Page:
Sound Wave Blood Tests May Soon Diagnose Diseases
Doctors may be able to use the technology to reveal medical conditions quickly and easily.
Researchers have developed a way to diagnose serious medical conditions by eavesdropping on the body’s messages. In a collaborative research effort, scientists developed a new method to intercept exosomes, tiny messenger vesicles that carry RNA, proteins, or other important cellular molecules throughout the body. This work could be used to spot medical issues such as fetal abnormalities or cancer.
The team — including researchers from MIT, Duke University, Singapore’s Nanyang Technological University, and the Magee-Women’s Research Institute — isolated the exosomes from blood using sound waves and microfluidics, and aims to incorporate this technology into a portable device. This would change diagnosis in the field, eliminating the need for time-consuming and cumbersome centrifugation, and providing rapid results.
Previous research revealed that the contents of exosomes work as markers for disorders such as kidney disease, neurodegenerative disease, and cancer, among others. However, until now, exosomes could only be isolated through high-speed centrifugation, a process which demands almost 24 hours and a large, expensive machine that is not portable.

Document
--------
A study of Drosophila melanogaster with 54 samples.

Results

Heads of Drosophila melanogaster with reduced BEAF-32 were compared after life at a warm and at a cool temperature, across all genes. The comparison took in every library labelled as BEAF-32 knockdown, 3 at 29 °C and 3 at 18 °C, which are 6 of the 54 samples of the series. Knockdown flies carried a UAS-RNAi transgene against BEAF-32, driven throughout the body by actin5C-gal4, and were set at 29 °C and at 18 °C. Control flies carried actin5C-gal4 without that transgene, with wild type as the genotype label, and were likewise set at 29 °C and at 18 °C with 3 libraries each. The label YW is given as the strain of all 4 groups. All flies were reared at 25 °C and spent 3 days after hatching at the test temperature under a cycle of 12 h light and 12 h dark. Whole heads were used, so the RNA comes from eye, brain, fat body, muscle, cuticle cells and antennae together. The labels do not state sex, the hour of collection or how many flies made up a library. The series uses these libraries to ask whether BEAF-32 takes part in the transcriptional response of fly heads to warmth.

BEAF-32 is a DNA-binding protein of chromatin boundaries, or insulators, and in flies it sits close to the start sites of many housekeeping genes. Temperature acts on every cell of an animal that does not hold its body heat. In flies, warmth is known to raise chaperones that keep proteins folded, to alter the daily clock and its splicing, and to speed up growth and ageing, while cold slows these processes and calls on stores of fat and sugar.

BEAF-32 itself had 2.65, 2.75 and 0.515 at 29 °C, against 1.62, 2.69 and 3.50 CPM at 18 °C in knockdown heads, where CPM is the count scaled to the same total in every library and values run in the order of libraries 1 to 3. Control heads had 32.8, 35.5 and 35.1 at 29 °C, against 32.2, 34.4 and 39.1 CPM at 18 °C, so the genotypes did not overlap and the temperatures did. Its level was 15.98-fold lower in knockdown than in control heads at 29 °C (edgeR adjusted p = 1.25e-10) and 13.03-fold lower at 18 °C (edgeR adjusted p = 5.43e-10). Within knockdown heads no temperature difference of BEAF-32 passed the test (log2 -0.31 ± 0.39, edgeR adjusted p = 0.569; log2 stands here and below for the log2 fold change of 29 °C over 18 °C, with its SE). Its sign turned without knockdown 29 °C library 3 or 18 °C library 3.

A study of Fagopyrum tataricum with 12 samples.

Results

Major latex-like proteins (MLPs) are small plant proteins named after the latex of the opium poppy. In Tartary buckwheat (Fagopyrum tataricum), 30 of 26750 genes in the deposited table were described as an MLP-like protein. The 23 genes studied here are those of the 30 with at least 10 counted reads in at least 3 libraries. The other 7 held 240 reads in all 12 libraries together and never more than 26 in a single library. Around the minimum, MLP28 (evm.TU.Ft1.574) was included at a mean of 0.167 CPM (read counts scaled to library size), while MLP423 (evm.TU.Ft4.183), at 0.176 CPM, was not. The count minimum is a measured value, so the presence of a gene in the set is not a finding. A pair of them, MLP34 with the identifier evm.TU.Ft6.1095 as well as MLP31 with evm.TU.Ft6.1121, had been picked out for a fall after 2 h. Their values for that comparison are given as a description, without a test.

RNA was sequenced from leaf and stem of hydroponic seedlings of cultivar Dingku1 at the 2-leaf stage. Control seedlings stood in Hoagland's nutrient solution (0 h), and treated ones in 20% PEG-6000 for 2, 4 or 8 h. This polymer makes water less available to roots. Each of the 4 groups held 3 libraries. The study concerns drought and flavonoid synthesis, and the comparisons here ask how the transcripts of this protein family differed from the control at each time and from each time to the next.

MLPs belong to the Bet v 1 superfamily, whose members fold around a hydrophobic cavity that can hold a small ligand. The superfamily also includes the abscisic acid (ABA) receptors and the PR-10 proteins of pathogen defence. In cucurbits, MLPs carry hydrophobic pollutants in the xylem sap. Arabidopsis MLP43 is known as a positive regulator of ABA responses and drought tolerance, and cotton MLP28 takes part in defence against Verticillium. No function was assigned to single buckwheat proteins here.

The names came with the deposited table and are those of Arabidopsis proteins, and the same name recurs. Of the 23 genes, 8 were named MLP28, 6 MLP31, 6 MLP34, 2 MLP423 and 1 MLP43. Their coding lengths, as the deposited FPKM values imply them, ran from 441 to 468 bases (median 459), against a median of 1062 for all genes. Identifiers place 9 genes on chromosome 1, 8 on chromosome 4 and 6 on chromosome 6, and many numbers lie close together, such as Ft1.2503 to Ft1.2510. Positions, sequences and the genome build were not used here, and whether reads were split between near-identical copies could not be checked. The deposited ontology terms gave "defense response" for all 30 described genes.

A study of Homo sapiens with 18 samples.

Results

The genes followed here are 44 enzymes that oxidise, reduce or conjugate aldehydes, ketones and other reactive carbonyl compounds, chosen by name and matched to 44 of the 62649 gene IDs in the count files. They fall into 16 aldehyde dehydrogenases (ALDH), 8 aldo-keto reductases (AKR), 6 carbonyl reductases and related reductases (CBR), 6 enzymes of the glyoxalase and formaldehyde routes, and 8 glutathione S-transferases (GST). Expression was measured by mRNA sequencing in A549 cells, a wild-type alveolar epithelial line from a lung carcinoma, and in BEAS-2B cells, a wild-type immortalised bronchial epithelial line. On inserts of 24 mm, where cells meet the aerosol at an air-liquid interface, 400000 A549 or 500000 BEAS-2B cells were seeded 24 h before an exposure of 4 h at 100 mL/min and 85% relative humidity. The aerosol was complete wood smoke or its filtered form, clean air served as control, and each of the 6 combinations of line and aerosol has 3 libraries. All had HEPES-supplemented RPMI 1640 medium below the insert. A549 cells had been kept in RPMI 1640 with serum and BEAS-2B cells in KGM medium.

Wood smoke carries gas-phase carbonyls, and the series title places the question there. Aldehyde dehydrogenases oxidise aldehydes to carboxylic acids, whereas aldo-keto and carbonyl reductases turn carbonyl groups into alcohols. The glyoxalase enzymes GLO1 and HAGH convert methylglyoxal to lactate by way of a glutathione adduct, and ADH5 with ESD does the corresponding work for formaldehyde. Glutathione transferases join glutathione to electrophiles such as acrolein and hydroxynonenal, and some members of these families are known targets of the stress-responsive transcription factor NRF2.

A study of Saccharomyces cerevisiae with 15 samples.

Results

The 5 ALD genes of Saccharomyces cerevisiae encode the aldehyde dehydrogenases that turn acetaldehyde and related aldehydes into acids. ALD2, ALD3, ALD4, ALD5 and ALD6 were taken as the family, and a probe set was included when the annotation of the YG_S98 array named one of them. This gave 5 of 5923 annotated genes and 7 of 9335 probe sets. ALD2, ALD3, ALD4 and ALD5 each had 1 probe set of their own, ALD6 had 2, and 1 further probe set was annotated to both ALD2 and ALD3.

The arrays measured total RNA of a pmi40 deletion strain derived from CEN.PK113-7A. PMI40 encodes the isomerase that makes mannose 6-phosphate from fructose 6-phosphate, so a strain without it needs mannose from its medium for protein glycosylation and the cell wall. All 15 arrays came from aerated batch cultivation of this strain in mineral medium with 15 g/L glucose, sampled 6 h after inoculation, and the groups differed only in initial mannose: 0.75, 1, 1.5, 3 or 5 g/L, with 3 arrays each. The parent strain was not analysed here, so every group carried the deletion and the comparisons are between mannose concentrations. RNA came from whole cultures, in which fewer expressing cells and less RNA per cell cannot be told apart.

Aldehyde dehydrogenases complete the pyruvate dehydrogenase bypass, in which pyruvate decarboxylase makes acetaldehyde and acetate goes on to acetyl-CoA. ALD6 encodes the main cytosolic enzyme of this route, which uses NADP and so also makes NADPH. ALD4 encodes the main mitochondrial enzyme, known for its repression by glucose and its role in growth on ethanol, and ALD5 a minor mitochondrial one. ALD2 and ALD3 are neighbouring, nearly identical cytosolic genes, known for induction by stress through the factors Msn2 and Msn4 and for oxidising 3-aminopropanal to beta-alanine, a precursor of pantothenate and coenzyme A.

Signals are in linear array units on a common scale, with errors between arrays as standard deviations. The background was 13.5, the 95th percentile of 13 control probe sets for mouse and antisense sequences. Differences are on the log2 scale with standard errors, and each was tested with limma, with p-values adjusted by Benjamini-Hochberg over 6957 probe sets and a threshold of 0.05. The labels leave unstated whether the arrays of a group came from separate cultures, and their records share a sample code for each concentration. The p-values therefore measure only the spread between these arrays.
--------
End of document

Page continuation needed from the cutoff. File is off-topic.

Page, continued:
In previous research, the team was able to isolate rare, circulating tumor cells from a blood sample using sound waves, as the blood flowed through a tiny channel. This technique is gentler than other cell-sorting technologies, because it neither damages them physically nor requires tagging them with chemicals. In the new study, the team aimed to use the same technique to capture exosomes.
Faster, Easier Diagnosis
The original acoustic cell-sorting device consisted of two angled acoustic transducers and a single microfluidic channel. The researchers built a new device to isolate exosomes which utilizes two such units in tandem. As the blood sample moves through the first device, sound waves remove cells and platelets from it. After the cells and platelets are gone, the sample enters the second microfluidic unit, where higher-frequency sound waves separate exosomes from extracellular vesicles, which are slightly larger. It takes this new device less than 25 minutes to process an undiluted 100-microliter blood sample.
The team now hopes to use this technology to detect biomarkers that could reveal disease states. This work is jointly funded by a joint grant from the National Institutes of Health (NIH), earmarked for markers related to abnormal pregnancy. The researchers think the technology could also be used to help diagnose other health conditions.
“The new acoustofluidic technology has the potential to dramatically improve the process of isolation of exosomes and other extracellular vesicles from blood and other bodily fluids,” said Yoel Sadovsky, Magee-Women’s Research Institute director, in a press release. “This will add a new dimension to research into ‘liquid biopsy,’ and facilitate the clinical use of extracellular vesicles to inform the physiology and health of organs that are hard to access, such as the placenta during human pregnancy.”